This was my introduction to Ween. At the time I thought of them as They Might Be Giants with profanity. In hindsight I think the appeal was that they were, like us, a couple of nerds playing around with a cassette four-track who weren't afraid to try whatever they could to make a cool song. Listening to them now I realize they haven't aged well. Nowadays, anyone with a computer can make songs a gazillion times more creative than this.
In terms of overall game-play, Skyrim stays pretty close to the system Oblivion used. You roam a giant open-world map, revealing new locations to explore as go. Along the way you receive quests that you can complete at your own leisure. Therein lies the danger of this game: it is easy to get distracted and veer off from your goals and before you know it you've wasted twenty hours just trying to level up your blacksmithing or collect ingredients. I have already sunk 126 hours into this game, completing most of the main quests, and there's still the urge to keep playing. I think I "only" managed to log about 95 hours in Oblivion.
The record is what happens when a band comprised of talented stoners is tasked with creating an LP's worth of music but is not given any editorial oversight. There are a few good songs and plenty of hilarious, quotable passages ("Pollo Asado" comes to mind). However, there are also quite a few forgetful stinkers. In re-listening to this for the first time in a while there were tracks near the end of record which I had no recollection of ever having heard.
"I Know What Boys Like" was a personal new wave favorite for me as a kid. It was featured on K-tel's The Beat new wave compilation—a comp which served as a launching point for so many bands for me (except for Graham Parker whose track absolutely sucked). The songs here are funny, energetic and fronted with snotty, attitude-filled vocals that are everything that 60s garage rock vocalists shrived for. This is also a rare example of saxophone working in pop music!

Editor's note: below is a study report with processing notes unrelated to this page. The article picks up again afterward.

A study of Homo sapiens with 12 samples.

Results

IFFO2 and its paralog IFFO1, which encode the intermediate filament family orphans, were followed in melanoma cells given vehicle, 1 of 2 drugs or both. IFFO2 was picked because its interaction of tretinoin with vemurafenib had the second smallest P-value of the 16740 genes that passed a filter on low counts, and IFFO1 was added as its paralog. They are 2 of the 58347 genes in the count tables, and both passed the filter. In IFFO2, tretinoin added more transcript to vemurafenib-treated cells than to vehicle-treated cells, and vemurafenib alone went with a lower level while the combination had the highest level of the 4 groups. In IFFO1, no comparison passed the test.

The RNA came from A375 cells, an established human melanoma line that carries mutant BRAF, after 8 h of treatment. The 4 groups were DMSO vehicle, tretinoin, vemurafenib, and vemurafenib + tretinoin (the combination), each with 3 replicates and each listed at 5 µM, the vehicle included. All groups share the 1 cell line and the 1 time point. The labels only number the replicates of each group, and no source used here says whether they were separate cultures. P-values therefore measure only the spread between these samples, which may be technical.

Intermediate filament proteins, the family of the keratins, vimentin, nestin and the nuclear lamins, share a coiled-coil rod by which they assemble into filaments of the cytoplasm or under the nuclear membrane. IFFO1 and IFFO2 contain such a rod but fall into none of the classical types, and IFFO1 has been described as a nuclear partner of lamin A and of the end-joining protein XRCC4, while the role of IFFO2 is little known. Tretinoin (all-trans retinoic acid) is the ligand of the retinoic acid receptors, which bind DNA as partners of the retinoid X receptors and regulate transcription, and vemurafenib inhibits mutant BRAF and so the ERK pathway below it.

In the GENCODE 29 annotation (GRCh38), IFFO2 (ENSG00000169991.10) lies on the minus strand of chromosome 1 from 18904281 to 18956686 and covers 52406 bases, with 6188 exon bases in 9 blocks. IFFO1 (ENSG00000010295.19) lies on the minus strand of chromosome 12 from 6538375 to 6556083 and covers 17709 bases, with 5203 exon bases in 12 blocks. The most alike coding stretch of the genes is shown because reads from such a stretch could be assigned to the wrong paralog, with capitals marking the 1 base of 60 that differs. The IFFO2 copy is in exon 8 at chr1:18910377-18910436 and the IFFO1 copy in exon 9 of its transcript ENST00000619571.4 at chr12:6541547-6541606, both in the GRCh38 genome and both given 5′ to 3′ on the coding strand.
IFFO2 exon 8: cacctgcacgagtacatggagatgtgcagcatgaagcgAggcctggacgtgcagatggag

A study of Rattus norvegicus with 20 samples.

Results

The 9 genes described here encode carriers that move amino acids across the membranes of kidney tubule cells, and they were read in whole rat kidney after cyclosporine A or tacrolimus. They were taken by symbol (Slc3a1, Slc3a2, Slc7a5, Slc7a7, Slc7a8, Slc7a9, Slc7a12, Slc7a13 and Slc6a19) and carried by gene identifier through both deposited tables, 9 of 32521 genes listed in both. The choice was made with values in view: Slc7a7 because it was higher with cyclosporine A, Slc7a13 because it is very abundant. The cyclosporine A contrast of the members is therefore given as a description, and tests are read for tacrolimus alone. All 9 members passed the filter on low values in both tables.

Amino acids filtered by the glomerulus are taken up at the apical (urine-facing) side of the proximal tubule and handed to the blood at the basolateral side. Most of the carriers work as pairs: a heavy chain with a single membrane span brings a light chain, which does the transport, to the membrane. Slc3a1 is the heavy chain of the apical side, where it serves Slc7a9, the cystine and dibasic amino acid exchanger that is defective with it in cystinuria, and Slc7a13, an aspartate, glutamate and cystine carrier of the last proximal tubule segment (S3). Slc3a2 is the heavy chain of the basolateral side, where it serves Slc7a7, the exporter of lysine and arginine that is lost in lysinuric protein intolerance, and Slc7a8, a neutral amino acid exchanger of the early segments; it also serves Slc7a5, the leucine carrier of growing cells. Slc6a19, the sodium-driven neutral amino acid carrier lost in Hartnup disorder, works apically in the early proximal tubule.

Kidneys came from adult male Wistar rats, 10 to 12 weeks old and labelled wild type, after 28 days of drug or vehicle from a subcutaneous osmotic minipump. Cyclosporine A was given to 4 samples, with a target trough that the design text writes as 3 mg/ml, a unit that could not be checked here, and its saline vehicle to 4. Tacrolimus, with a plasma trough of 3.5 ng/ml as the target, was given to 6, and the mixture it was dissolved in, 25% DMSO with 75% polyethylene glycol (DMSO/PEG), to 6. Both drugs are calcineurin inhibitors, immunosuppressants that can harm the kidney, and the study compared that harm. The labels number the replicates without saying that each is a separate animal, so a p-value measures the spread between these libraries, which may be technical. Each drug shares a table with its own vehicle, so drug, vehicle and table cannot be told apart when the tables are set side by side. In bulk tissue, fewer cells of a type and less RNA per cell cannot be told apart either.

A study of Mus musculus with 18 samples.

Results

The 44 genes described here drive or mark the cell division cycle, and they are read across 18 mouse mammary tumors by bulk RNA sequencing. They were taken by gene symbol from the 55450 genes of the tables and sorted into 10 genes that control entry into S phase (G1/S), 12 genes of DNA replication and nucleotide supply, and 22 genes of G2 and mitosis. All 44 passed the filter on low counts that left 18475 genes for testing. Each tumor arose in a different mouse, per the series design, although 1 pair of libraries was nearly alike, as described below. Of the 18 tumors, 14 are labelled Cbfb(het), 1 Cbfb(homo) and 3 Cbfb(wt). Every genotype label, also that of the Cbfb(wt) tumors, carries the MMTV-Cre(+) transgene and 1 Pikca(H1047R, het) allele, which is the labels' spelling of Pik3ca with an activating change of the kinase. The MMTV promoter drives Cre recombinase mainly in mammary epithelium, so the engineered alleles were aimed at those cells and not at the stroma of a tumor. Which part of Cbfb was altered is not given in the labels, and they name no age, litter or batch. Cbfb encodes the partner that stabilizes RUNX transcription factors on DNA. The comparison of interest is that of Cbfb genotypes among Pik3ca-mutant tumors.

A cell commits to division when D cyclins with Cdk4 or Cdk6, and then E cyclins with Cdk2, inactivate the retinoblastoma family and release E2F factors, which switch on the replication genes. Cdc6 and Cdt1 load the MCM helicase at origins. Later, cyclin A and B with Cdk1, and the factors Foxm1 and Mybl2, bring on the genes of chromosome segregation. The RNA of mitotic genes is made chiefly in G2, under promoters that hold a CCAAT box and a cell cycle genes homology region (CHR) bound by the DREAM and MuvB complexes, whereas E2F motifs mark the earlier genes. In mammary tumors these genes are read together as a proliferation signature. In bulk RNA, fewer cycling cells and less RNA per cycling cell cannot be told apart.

I bought this from a bargain bin at either Best Buy or some other big box retailer thinking that I would have the definitive collection of The Ventures' classic instrumental guitar rock and roll. The neckerchiefs and wide collars on the cover should have been a dead giveaway for the disco-tinged crap that fills this CD. With the possible exception of "Hawaii Five-O," I think all these songs are remakes of the originals. Remakes with funky bass lines and that steady boom-tiss disco beat that have more in common with Giorgio Morodor than Dick Dale.
Another one of my wife's CDs. I've never been much of a fan of this band but here, upon a second or third listen, I think I might like them despite Lou Reed's singer/songwriter leanings (I care more about music than lyrics). The raw and seemingly untrained playing nicely exists somewhere between 60's garage rock and 70's punk rock. I will probably give there "official" releases a try soon.
This is basically a CD repackaging of New Clear Days with about a third of the songs from Magnets. The Vapors are a new wave band that doesn't really get the love they deserve. There's not a bad song on New Clear Days. Their hit, "Turning Japanese" only scratched the surface of what they were capable of creating. These are smart, high-energy power-pop songs that deserve to be played loud and often.
I remember being pretty excited when I bought this CD. I loved the earliest Vandals records and finally being able to get something new from that band was a big thing for me. Turns out something happened between Peace Thru Vandalism and this. A big part of that something was that all but one of the original members remained in the band, and that one original member was now playing a different instrument.